Property owners in Manhattan are looking at a tax increase after the city commission approved the proposed 2020 budget by 3 to 2 vote Tuesday. Dodson, Reddi and Morse supported, Butler and McKee opposed.
In total, the budget amounts about $163 million. Property taxes are projected to increase by $238,448 for Manhattan, which equates to a 0.406 mill increase. The city will also see $267,124 more in revenue due to new buildings and improvements and $252,244 from an average 1.8 percent property valuation increase. Calculating in the valuation increase, the owner of a $200,000 home will pay $22 more per year for city taxes and a $1,000,000 business property will pay $325 more per year. Calculating in USD 383 and Riley County, those same homeowners and business owners are projected to see yearly increases of $197 and $2,139 respectively.
A mill is a unit of measuring property taxes, one mill equates to $1 for every $1,000 of assessed property value. The value of a mill in Manhattan for 2020 is $585,000.
The budget will permit the hiring of seven new city employees — almost all expected to be cost neutral — a 1.6 percent cost of living adjustment (COLA) and 2 percent step increase for employees. Manhattan also reduced its capital outlay fund by around $130,000 as a cost saving measure, with improvements being funded by a lease program to be paid by a new equipment reserve fund drawn from water and wastewater dollars.
Mayor Mike Dodson says it’s a difficult equation to work out how to afford rising costs — especially in personnel, which make up the bulk of general fund expenses. He says he appreciates the work that city administration put in to bring the proposed budget down, which came in at a 4.3 mill increase at the first work session.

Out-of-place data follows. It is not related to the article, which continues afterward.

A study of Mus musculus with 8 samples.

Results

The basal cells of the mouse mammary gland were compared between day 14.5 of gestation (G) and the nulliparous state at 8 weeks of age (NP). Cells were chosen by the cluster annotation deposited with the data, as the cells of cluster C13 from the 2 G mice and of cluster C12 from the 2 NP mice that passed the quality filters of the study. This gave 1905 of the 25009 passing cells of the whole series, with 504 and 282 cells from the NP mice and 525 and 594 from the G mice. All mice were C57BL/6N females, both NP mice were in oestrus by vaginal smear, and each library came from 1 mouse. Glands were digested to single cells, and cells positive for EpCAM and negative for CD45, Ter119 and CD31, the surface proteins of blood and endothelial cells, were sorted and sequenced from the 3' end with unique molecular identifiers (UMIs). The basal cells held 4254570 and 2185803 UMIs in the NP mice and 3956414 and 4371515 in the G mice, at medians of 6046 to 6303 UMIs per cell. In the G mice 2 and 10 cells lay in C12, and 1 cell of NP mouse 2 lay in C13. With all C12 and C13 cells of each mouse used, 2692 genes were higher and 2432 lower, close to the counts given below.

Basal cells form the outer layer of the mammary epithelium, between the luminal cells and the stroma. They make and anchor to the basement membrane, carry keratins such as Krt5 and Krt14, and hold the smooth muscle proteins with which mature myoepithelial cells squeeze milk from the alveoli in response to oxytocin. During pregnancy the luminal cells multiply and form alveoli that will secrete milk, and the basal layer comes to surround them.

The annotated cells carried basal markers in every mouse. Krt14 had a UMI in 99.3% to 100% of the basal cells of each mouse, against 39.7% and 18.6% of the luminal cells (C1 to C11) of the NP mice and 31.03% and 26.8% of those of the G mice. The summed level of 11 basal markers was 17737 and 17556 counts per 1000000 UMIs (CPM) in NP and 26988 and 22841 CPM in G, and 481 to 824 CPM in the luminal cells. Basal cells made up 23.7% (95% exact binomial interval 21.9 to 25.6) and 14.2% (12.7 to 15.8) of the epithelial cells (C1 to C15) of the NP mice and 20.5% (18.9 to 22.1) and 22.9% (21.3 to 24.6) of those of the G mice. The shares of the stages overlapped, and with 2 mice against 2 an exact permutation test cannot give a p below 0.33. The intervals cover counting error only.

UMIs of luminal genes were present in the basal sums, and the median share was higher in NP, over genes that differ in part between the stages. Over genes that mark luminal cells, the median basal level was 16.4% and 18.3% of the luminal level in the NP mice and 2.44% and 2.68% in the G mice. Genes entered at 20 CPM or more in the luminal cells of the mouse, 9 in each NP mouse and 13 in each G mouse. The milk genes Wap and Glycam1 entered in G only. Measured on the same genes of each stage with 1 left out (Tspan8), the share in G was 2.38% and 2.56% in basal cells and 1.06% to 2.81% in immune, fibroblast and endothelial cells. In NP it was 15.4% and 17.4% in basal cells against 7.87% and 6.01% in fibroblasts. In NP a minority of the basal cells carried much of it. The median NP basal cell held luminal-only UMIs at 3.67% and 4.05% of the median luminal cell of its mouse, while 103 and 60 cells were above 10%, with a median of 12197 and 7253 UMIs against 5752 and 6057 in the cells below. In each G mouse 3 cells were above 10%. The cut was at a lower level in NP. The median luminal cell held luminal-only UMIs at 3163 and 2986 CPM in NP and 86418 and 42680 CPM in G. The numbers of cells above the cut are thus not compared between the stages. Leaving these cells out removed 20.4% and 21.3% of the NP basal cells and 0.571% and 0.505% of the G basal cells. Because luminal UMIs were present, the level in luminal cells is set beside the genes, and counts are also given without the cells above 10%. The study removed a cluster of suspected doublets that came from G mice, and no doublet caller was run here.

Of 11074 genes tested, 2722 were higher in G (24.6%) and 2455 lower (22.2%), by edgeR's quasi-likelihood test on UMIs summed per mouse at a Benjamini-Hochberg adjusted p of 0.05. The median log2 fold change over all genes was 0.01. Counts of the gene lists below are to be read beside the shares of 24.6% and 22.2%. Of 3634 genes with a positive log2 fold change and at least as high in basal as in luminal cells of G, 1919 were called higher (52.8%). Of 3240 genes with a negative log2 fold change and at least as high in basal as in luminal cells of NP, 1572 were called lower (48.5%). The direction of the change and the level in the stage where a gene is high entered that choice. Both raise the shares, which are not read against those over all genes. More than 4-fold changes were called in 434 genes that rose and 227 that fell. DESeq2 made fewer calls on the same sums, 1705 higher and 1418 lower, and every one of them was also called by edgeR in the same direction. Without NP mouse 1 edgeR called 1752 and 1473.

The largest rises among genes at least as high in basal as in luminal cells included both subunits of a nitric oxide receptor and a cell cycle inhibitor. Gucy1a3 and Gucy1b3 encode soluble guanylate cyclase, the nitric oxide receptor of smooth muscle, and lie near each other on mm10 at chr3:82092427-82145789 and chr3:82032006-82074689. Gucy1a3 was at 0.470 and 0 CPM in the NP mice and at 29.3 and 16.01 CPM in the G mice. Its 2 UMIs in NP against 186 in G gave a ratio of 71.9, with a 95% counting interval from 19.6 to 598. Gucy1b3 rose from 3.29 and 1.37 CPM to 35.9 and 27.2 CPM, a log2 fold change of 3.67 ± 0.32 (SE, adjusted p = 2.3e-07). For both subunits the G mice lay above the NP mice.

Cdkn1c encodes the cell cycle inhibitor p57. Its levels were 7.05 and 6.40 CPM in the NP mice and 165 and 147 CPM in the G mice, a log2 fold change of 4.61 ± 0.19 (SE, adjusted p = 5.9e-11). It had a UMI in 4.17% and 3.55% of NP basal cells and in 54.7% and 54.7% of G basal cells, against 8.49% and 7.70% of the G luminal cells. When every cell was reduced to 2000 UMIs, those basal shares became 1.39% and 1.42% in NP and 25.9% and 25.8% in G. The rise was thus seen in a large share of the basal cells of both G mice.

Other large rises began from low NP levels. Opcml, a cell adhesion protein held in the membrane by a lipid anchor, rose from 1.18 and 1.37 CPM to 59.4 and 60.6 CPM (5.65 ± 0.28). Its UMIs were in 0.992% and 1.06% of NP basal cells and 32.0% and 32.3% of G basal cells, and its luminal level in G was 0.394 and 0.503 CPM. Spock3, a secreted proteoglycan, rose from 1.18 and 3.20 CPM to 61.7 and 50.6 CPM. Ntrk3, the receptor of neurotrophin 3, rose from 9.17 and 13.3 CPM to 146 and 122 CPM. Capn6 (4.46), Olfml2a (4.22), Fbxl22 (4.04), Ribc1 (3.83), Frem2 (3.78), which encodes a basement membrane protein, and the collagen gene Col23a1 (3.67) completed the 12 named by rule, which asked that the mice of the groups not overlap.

“That doesn’t mean we ought to not try our best to get it down even further,” says Dodson.
Following a public hearing in which there were no speakers, commissioners explained their reasoning for supporting or opposing the budget. Mayor Pro Tempore Usha Reddi noted that only a small portion of the property tax increase in the area is their responsibility, with higher increases from Riley County and USD 383. Reddi says she doesn’t want to add to property tax bills, but voted in favor with city employees in mind.
“I think we are right now [increasing]as little as we can raise it — mostly for personnel and we want to keep our personnel here,” Reddi says. “We have a very young staff and very mobile people and we want to keep them here.”
Commissioner Wynn Butler says he’s unable to vote in favor of the budget as the city needs to make it a point to hold any budget increases strictly to the increase in property valuation.
“Just like somebody who gets a paycheck — you get so much money, that’s all you can spend,” says Butler. “We could knock the rest of that out of there if we had to and there just isn’t the willpower to do it.”
Commissioner Linda Morse says the increase is reasonable, especially considering the flattening revenue the city has seen over the past few years and the state of the housing market.
“It’s important that we moderate and be as flat as we can and we just still have to have some growth in this community,” says Morse. “We don’t have to have multiple mills, we don’t have to have millions of dollars, but this is an ever-so-slight increase that we should be able to tolerate it and make it work for us.”
Commissioner Jerred McKee commented on a memo from City Manager Ron Fehr that detailed scenarios that could keep the mill levy flat. McKee says that it would hurt — resulting in decreasing city services and events — but it’s entirely possible. He also says that the state has failed to alleviate the situation for cities and could help in two ways.
“The first is taking up internet sales tax, which they were one of the few states in the country who failed to do that the last legislative session,” says McKee. “The second big thing that they could do is take on some gall and add a couple more income tax brackets and do revenue sharing like they used to with cities and counties.”
The budget will return for approval one more time in a second reading — typically on the consent agenda — but leaves the door open for potential last minute reductions.